Mercedes A-Class review (2005-2012)
The Mercedes A-Class aims to bring healthy dose of upmarket appeal to the crowded family hatch sector
The versatile Mercedes A-Class has a lot to recommend it. A roomy cabin and decent boot make it a surprisingly practical choice, while robust build quality and the lure of the Mercedes three-pointed star give it plenty of kerb appeal. There are only four engines to choose from – a pair of petrols and two diesels – but the BlueEFFICIENCY versions promise good fuel economy and low emissions. Buyers are also treated to a decent haul of standard kit, with air-con, ESP and Bluetooth featuring on all models.
Engines, performance and drive
It’s unlikely that you’ll buy an A-Class for its blistering performance. The 93bhp 1.5-litre petrol powered A160 is smooth and willing, but lacks mid-range muscle, while the 81bhp 2.0-litre A160 CDI diesel wheezes from 0-62mph in 15 seconds – which is around two seconds slower than a VW Golf 1.6 TDI or Ford Focus 1.6 TDCi. The more powerful 1.7-litre A180 petrol and 2.0-litre A180CDI deliver more pace, but are still some way off the class standards. The A-Class also trails rivals in the corners, where its wooden responses and fidgety ride let it down. At least the high-set driving position gives a commanding view of the road, while the large glass area results in excellent visibility. Refinement is also strong, although the gruff diesel engines are intrusive when extended, which will be a lot when specified with the optional CVT automatic gearbox.
MPG, CO2 and Running Costs
Owners looking to cut their motoring bills should make a beeline for the BlueEFFICIENCY badged models, which promise better fuel economy and lower CO2 emissions. Best of the lot is the A160 CDI, which delivers 62.8mpg returns and 118g/km of CO2 – although this is someway short of the sub 100g/km figures of the VW Golf Bluemotion and Audi A3 TDIe. As a result, the A-Class is more expensive to tax and fuel than most of its mainstream and premium rivals. Strangely, only the petrol-powered BlueEFFICIENCY versions get stop-start. Unusually for a Mercedes, the A-Class suffers from quite heavy depreciation, with versions equipped with an auto transmission shedding the most value. All models are expensive to buy by mainstream standards, but the higher specification Avantgarde SE is a particularly pricey proposition.
Interior, design and technology
With its tall and upright stance, the five-door Mercedes A-Class takes its design cues from mini-MPV models, rather than traditional hatchback rivals such as the Audi A3 and VW Golf. There are only two trim levels, entry-level Classic SE and range-topping Avantgarde SE, with the former identified by its plain plastic wheel trims and less flashy chrome trim. All versions of the A-Class come with a generous amount of standard equipment, including air-con, Bluetooth connectivity and a multi-function steering wheel. Avantgarde SE adds 16-inch alloy wheels, plus automatic headlamps and wipers. Solid build quality and robust materials give the Mercedes an upmarket feel, while spending extra cash brings big car extras, such as leather trim, sat-nav and xenon lights.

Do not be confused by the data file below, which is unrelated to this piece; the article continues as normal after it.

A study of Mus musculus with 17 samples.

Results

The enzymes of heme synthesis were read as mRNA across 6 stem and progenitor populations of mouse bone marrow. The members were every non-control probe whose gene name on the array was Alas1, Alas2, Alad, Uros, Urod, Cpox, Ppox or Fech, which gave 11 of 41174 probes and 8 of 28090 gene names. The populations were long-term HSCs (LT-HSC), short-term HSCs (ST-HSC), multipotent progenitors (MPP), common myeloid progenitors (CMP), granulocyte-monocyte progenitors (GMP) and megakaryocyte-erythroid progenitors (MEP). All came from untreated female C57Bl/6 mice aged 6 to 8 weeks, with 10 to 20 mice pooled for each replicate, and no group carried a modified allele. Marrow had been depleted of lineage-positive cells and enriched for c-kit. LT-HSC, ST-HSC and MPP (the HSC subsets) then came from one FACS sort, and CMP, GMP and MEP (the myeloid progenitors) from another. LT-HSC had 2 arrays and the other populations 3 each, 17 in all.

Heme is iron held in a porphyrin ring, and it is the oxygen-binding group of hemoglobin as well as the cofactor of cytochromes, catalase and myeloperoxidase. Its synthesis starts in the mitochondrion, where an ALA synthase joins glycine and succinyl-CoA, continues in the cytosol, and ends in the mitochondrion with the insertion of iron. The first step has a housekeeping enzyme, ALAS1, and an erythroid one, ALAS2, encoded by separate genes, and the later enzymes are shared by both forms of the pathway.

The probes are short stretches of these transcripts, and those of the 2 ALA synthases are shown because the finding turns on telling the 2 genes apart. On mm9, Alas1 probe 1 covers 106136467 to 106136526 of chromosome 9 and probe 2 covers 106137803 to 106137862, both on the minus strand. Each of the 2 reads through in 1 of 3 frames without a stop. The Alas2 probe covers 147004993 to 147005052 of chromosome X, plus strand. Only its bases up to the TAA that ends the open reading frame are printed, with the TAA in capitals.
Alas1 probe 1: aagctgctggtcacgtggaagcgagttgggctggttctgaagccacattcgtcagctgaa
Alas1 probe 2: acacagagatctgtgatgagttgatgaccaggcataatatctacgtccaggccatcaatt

Practicality, comfort and boot space
Where the A-Class really scores is in the practicality stakes. The boxy and upright exterior results in a spacious and versatile cabin. Occupants in the rear get bags of head and legroom, while opening the tailgate reveals a 435-litre load bay – that’s a whopping 85 litres more than a VW Golf. Adding the optional Easy Vario Plus allows you to fold the front passenger seat flat and remove the rear bench, which frees up an incredible 1,955 litres of load space. All versions are packed with useful storage, such as a large glovebox, deep door bins and a false boot floor that hides a secure compartment for hiding valuable items.
Reliability and Safety
With its strong reputation for safety, it’s no surprise to find that Mercedes secured a five star Euro NCAP rating for the A-Class. All models get six airbags, active front head restraints, electronic stability control and tyre pressure monitoring. The car’s unique ‘sandwich’ floor construction boosts safety further by forcing the engine and transmission into a space below the driver and front seat passenger, minimising leg injuries. If you want extra peace of mind, there’s the option of further side and curtain airbags for rear seat passengers. The solidly constructed A-Class has suffered from a handful or recalls since making its debut in 2004, but overall the car should be a robust and reliable choice.